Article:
Cnidaria is a diverse phylum containing over 10,000 species, all belonging to two basic body forms: swimming medusae (jellyfish) and sessile polyps. These organisms employ a wide range of strategies for food acquisition ranging from filter feeding and symbiotic relationships with photosynthetic protists, to active prey capture with nematocyst laden tentacles (Fig. 1). While many Cnidarians using nematocysts for prey capture rely on opportunistic tentacle structures or swimming with the tentacles trailing behind to maximize the likelihood that a prey organism will come into contact with one of the tentacles, others have complicated visual systems thought to play a role in prey capture.
Figure 1. Some Cnidarians implement a nematocyst based prey capture mechanism as depicted above
A wide range of visual systems exists throughout various Cnidarians, from simple eye-spots to advanced pigment cups with lenses. However, the usefulness of complex visual systems had been called into question due to the apparent lack of neural branches to process the information the visual system receives or a nervous system to interpret visual images, instead simply possessing a decentralized nerve net. However, many Cnidarians do exhibit light mediated behavior.
The most complex visual system of the phylum belongs to the class Cubozoa (Fig 2.). Carukia barnesi, a highly venomous Cubozoan have four sets of six ‘eyes’, which is typical among the class, consisting of a pair of simple light sensitive pigment cups, a pair of light sensitive pigment slits, and a pair of complex eyes that each have a cornea, a lens, and a retina. Behaviors that this visual system are thought to enable include: targeting light shafts for feeding, obstacle avoidance, actively swimming away from dark objects and decreased activity at night. However, the use of this visual system is prey capture is poorly understood. In their study, Courtney et al. (2015) aimed to describe part of the feeding ecology of the Cubozoan C. barnesi and understand the mechanisms employed by this species to capture its prey.
Fig 2. The visual structures of a Cubozoan
To go about their study, the researchers conducted several experiments to gain insight into the prey capture ecology of these organisms. First, they tested for a correlation between organism size and tentacle morphology and found a significant positive relationship between bell size and tentacle length but no correlation between bell size and distance between nematocyst clusters. Next, they tested the influence of light on tentacle extension and found that the tentacles were significantly longer in light environments than dark environments. Next, they tested the influences of bell-size, light and tentacle extension on “twitch-rates” of the tentacles and found larger bell-size, increased tentacle extension and increased light were all correlated with faster twitch-rates. Finally, they studied the interaction of C. barnesi and the larval fish they prey on and found that the fish were attracted to extended twitching tentacles.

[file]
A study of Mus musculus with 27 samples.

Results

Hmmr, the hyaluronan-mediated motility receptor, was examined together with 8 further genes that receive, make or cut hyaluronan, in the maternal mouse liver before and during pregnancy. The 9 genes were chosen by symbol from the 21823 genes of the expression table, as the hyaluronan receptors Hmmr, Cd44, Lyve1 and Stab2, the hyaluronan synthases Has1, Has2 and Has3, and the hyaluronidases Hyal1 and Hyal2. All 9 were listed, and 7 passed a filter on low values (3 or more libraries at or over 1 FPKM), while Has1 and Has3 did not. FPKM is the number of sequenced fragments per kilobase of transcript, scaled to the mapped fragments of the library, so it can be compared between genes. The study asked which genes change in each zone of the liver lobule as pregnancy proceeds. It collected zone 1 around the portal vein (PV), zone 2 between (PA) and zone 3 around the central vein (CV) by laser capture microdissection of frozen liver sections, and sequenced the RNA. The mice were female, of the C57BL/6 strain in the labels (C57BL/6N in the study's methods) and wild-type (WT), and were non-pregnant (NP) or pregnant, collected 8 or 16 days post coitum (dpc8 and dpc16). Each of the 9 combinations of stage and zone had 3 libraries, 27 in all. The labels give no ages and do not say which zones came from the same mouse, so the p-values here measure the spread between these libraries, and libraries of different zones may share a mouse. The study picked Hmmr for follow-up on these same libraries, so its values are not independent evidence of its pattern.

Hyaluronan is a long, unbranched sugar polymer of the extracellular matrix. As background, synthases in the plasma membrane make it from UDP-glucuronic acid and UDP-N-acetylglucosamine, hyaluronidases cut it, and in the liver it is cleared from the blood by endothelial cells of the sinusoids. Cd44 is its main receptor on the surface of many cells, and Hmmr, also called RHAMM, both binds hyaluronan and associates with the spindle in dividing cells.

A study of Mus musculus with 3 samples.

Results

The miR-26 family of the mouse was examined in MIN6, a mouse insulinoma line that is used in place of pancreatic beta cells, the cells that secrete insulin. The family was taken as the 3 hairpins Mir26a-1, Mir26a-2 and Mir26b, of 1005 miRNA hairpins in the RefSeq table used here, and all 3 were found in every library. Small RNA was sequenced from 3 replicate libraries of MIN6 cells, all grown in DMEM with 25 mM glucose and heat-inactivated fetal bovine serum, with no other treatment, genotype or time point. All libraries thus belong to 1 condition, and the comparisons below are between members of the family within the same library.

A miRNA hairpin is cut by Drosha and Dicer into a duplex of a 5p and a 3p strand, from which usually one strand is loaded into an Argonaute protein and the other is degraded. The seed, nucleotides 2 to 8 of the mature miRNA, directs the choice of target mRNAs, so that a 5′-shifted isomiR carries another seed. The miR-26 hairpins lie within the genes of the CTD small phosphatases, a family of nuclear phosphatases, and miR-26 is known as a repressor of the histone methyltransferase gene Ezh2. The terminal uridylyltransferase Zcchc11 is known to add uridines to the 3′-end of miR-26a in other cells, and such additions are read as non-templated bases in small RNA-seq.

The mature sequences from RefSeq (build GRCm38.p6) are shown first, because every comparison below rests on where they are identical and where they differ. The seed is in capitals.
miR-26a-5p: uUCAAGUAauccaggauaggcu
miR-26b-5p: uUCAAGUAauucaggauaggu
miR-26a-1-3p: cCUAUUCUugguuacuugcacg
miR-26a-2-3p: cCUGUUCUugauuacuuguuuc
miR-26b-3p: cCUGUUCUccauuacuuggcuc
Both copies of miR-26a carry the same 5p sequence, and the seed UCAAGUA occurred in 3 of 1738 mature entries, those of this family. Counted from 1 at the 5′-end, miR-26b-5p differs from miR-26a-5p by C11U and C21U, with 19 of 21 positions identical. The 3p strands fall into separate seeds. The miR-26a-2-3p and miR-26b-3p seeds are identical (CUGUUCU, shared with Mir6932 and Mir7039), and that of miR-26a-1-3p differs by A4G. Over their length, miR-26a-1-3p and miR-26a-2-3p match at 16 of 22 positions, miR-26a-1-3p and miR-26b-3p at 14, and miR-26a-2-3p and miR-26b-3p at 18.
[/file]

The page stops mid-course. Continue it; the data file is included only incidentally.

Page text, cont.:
These findings have important implications for our understanding of Cubozoan prey capture ecology, suggesting that these organisms are active predators with complex prey-capture mechanisms, capturing visually orientated prey by using a lure-like system to simulate the size and movements of the plankton the larval fish feed on. The larval fish are often visual hunters and therefore predominately feed during the day. This matches the finding that the luring behavior of C. barnesi does not occur in no-light conditions, most likely to conserve energy. Additionally, the widespread use of movement as a prey detection mechanism of larval fish suggests that the tentacle twitching utilizes movement of the nematocyst clusters to highlight these lures in the water column and increase catch rates.
The finding that larger C. barnesi have increased twitch rates coincides with previous data that shows that during maturation C. barnesi undergo an ontogenetic venom change, correlated with a prey shift, from planktonic invertebrates to larval fish. The smaller organisms have a preference for plankton, which are most likely captured through a more passive prey capture seen in other Cnidarian medusae, “haphazardly encountering prey in the water column.” Therefore the twitching of tentacles, which presumably increases energy consumption, would be inefficient for the capture of small plankton, explaining the results shown in figure 3.
Figure 3. Twitch rates of C. barnesi of various sizes. Larger organisms exhibit faster twitch rates likely due to their prey preference.
In conclusion, C. barnesi have complex hunting strategies that require both the use of their own visual systems and the visual systems of their prey to maximize catch-rates and minimize unnecessary energy expenditure. Future work could look into coevolution of tentacle morphology and prey visual systems. It would be interesting to see if adaptions exist in the larval fish that enable them to differentiate the lure of C. barnesi from the plankton they feed on and how that could drive the evolution of predator, prey and the relationship between them.